The highly skilled team at Vascular Access Center of West Orange place central venous access catheters in your arm or chest to assist in the delivery of medicines. If you suffer from central venous occlusion or otherwise need a venous catheter, call the West Orange, New Jersey center or book an appointment online today.
Central venous occlusion and stenosis are two major challenges in the treatment of dialysis patients. Occlusion happens when there’s an obstruction that completely blocks blood flow, while stenosis means the flow is reduced, but not entirely stopped.
Occlusion and stenosis limit access beyond the blockage site, compromising the efficiency of dialysis treatment. These conditions often result from the placement of central venous catheters.
Available treatments for central venous occlusion at Vascular Access Center of West Orange include percutaneous balloon angioplasty and stenting. These treatments may require repeated intervention and have variable success rates.
The team at Vascular Access Center of West Orange place central venous access catheters, or long, hollow plastic tubes, into a vein in your arm or chest to support long-term needs. The catheter carries medicines or other fluids directly to your heart to be pumped throughout your body.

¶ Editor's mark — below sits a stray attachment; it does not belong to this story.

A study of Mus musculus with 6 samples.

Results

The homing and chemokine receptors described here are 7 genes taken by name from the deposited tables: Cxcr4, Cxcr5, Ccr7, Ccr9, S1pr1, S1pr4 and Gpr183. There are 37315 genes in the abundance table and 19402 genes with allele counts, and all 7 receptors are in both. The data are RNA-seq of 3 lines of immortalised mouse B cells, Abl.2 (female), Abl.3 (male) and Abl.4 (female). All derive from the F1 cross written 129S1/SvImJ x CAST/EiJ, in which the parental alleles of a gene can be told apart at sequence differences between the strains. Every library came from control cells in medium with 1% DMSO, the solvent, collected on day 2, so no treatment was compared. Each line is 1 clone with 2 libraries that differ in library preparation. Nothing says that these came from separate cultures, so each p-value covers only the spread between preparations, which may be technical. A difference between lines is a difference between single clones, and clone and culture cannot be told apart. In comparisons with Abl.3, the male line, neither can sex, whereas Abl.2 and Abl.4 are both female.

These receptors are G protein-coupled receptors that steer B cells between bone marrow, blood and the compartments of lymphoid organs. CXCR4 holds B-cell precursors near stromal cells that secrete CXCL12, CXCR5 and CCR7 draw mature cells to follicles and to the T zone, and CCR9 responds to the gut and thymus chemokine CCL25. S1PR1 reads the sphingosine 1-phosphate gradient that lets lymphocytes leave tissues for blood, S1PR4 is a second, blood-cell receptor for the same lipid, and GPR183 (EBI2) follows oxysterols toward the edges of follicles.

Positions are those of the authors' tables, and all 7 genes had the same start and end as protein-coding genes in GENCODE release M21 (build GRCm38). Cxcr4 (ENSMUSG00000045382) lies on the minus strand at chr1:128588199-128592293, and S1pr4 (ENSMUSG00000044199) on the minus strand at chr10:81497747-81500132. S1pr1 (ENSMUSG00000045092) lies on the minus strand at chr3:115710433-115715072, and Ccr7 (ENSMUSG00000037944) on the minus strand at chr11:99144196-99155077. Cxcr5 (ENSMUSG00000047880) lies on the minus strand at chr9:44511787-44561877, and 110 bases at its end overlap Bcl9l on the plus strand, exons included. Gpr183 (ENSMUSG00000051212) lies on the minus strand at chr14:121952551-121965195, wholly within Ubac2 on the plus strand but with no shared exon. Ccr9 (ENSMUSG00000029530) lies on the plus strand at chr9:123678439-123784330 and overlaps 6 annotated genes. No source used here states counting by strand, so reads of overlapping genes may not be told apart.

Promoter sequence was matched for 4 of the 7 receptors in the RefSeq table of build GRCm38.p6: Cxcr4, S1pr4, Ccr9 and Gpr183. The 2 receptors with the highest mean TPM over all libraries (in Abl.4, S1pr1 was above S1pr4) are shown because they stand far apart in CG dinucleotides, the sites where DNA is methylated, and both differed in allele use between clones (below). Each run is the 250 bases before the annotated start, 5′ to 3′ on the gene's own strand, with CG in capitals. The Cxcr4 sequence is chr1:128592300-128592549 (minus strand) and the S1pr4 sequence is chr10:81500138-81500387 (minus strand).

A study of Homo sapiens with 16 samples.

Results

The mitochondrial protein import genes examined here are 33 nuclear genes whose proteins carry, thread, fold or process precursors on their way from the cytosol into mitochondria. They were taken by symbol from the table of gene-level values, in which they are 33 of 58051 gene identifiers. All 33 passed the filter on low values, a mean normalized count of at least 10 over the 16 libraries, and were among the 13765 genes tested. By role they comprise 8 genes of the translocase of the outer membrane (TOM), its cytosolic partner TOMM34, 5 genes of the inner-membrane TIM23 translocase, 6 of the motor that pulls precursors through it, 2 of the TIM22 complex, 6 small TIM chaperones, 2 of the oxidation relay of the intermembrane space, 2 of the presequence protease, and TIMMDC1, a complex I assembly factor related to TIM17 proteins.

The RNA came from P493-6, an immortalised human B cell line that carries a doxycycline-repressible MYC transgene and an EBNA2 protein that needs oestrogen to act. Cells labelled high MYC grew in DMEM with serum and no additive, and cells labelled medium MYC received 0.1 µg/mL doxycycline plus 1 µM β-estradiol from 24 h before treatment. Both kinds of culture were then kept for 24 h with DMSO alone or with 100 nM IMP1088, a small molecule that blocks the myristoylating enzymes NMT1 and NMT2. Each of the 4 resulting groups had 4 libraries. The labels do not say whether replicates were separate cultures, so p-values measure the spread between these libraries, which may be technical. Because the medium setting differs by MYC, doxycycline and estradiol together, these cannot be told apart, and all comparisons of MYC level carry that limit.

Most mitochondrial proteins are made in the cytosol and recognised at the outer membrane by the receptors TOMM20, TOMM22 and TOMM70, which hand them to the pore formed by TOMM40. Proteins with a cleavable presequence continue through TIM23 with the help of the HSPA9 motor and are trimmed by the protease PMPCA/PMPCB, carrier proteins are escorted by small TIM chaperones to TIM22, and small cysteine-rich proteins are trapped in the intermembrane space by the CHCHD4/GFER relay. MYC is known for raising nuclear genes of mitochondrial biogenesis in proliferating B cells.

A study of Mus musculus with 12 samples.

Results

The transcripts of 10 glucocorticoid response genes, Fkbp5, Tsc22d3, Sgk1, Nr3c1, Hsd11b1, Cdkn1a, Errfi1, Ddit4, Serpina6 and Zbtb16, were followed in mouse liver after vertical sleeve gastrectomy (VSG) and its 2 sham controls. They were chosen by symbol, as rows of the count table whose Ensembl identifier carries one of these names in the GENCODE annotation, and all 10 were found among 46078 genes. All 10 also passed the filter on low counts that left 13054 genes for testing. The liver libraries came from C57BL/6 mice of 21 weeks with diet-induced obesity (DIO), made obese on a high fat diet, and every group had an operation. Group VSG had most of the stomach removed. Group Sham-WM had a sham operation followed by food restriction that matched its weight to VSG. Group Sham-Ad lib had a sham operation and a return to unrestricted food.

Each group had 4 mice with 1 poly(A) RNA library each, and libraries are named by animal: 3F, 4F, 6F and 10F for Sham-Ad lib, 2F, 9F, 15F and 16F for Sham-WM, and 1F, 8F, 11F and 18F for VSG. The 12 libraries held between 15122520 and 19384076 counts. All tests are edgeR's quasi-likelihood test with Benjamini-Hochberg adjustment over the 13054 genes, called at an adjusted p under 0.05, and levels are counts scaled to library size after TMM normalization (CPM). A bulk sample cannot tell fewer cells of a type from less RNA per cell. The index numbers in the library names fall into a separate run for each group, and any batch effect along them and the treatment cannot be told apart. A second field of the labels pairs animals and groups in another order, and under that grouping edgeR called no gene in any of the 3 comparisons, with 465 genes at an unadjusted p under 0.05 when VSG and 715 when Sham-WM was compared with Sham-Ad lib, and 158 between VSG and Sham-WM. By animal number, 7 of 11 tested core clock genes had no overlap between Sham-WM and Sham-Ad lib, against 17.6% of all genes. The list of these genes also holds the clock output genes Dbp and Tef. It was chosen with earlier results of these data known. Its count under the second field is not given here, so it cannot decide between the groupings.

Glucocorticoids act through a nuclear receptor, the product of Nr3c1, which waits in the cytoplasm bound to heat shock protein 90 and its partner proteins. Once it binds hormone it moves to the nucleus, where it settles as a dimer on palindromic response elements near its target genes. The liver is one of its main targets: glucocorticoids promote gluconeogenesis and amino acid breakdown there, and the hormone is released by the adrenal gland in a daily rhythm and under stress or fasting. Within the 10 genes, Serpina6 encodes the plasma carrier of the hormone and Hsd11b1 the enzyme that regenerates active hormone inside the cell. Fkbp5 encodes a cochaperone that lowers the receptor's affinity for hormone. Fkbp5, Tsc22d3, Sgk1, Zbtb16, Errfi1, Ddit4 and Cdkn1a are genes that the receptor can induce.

Also called chest and arm ports, these catheters attach to a port that can help deliver antibiotics, chemotherapy, or nutritional support. The doctors place central venous access catheters and ports beneath your skin so they’re hardly noticeable.
Your physician may determine that you are a candidate for a candidate for a central venous catheter if you have a condition that requires frequent delivery of medications or fluids into your blood. Or, you may have a condition that requires frequent blood samples.
The expert team at Vascular Access Center of West Orange is happy to answer any questions you have about getting a chest or arm port.
If your doctor at Vascular Access Center of West Orange thinks you’re a good candidate for a chest or arm port, they place the catheter inside one of your veins during a short surgical procedure.
The most common locations include the upper chest and arm, but your doctor places the port in the best position for your unique needs.
Many patients find that a central venous access device reduces the need for vein puncture during blood tests, therefore improving their quality of life.
To learn more about central venous occlusion and access, call or book an appointment online.